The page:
People, don't you think young people should get the clearest, most easy-to-compare information conceivable before they sign a huge, life-changing loan deal?
Welcome back, college students! Always nice to see you.
Although we are sort of worried by those bleak stories about student debt, which suggest a lot of you may graduate owing a ton of money and unqualified to do anything more remunerative than selling socks.
This year, Newsweek cheerfully welcomed the Class of 2016 by asking, "Is College a Lousy Investment?" And in The Times, Andrew Martin reported that the Department of Education is paying more than $1.4 billion per annum to folks whose job it is to collect on $76 billion in defaulted student loans.
"If you wait long enough, you catch people when their guard's down," one debt collector told Martin after garnishing the savings of a disabled carpenter.
Look on the bright side, students. Perhaps when you graduate, some of you will be able to qualify for a good job in the booming accounts receivable management industry.
Higher education is still the key to most good jobs, but the nation is starting to ask some questions about the way we finance it. Shouldn't there be more of a match between the cost of school and the potential earning power of the graduates? Who speaks for the art history majors? And why is tuition so high, anyway? (Parents, if your kid is planning to take out student loans, you might want to avoid any college where the dorm rooms are nicer than your house.)
"People don't believe much any more about the altruistic motives of colleges and universities," sadly noted Pat Callan of the Higher Education Policy Institute.
Not without some reason. In his reporting, Martin uncovered a newsletter aimed at college admissions officers that advised them to avoid using "bad words" such as "cost" or "pay" in their admissions materials. Instead, it suggested: "And you get all this for ... "
In Washington, Congress is holding hearings! The Senate Health, Education, Labor and Pensions Committee is considering a bill -- co-sponsored by Democrat Al Franken and Republican Charles Grassley -- that would require all schools to fill out the same form telling the student loan applicants useful facts like exactly how much per month they'll be forking over when they start paying.
That would be the superminimum, right? How amazed are you that this isn't happening already?
"Some of the packages don't delineate what's a grant, what's a scholarship, what's a loan," said Franken. "And the information all comes in an award letter, so you're thinking: Award!"
The Obama administration, which can't do much about this without Congress, has been working to get the schools to voluntarily adopt a "shopping sheet" that would provide clear basic information so students could compare different schools' financing before making a choice.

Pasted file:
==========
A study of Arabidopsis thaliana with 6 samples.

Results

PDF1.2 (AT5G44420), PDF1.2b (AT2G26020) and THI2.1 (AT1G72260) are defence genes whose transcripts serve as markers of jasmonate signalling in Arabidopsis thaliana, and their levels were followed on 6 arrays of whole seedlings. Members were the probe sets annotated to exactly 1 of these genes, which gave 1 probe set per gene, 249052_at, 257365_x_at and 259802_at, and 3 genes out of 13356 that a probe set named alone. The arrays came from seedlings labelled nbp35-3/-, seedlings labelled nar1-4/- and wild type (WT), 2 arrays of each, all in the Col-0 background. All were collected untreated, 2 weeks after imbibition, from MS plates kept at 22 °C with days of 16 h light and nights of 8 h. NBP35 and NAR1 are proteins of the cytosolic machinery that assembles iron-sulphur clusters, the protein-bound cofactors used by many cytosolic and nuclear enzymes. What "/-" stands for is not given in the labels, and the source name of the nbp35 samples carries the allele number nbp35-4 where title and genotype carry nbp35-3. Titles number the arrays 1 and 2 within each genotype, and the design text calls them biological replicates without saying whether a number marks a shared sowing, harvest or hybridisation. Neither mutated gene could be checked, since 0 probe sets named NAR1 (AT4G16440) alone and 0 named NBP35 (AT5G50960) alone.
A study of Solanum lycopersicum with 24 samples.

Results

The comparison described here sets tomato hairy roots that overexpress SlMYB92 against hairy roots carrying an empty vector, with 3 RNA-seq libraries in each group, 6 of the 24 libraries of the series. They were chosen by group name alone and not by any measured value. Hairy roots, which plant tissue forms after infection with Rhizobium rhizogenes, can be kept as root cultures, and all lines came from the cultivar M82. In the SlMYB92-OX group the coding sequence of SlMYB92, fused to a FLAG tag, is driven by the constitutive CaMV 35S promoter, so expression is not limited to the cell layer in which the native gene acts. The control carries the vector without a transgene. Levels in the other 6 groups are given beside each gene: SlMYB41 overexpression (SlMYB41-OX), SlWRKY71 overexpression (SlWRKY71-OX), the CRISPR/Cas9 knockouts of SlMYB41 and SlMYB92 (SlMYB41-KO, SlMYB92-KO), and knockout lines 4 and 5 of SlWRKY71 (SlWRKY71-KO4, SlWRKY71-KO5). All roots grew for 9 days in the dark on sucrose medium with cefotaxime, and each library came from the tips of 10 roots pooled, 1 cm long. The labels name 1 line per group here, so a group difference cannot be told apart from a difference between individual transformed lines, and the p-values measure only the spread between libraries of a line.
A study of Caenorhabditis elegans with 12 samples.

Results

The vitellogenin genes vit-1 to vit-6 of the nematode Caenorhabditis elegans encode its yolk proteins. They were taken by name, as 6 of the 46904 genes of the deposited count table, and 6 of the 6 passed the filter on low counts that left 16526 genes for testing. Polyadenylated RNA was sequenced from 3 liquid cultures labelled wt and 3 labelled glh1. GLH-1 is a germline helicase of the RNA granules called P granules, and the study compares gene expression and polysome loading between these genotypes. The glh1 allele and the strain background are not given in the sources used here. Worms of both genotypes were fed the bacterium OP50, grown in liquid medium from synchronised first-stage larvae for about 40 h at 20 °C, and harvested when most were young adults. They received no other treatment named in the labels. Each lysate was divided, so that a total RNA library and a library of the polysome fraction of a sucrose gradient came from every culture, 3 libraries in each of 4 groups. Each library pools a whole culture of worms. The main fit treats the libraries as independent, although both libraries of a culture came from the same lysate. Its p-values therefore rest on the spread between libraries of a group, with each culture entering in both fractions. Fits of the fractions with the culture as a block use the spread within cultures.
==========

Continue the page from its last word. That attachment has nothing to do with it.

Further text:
"We've been encouraged by the feedback from the higher-ed sector," one of the experts working on the program said. "I think we have 100 individual colleges and universities."
The good news is that controlling college costs really does seem to be an administration priority. The bad news is that there are more than 4,000 colleges and universities.
People, don't you think young people should get the clearest, most easy-to-compare information conceivable before they sign a huge, life-changing loan deal? Don't you think there should be somebody in charge of calling them up once a week and yelling: "Eight-hundred dollars a month until you're 51 years old!"
Maybe I'm underestimating the ability of teenagers to make serious, well-thought-out decisions about their higher education. All I can tell you is that when I was 21 years old, I signed up to go to graduate school at the University of Massachusetts because I had always wanted to live in Boston. I had no idea the main campus was on the other side of the state until I got there.
Franken is hoping the Senate might take up his proposal next year. I presume you weren't expecting anything sooner. Congress can't even get it together to keep the Postal Service from defaulting.
And the Senate leaders admitted the other day that they're not going to be able to pass a bipartisan bill to legalize Internet gambling on poker, which seems to be a really high priority for some important people. If they can't do poker, they are not going to get to student loan transparency.
The House is planning hearings on student loans, too. The chairwoman of the subcommittee assigned to this task is Rep. Virginia Foxx, R-N.C., who once said that she worked her own way through college and had "little tolerance" for people who complain about their huge student loan debts.
"New ideas to advocate for financial aid transparency are always welcome in this discussion," Foxx said in an email Friday. "But we have to question whether the federal government's dictating the terms of every college and university's financial aid communications will actually achieve the desired results."
So maybe a little less sense of urgency there.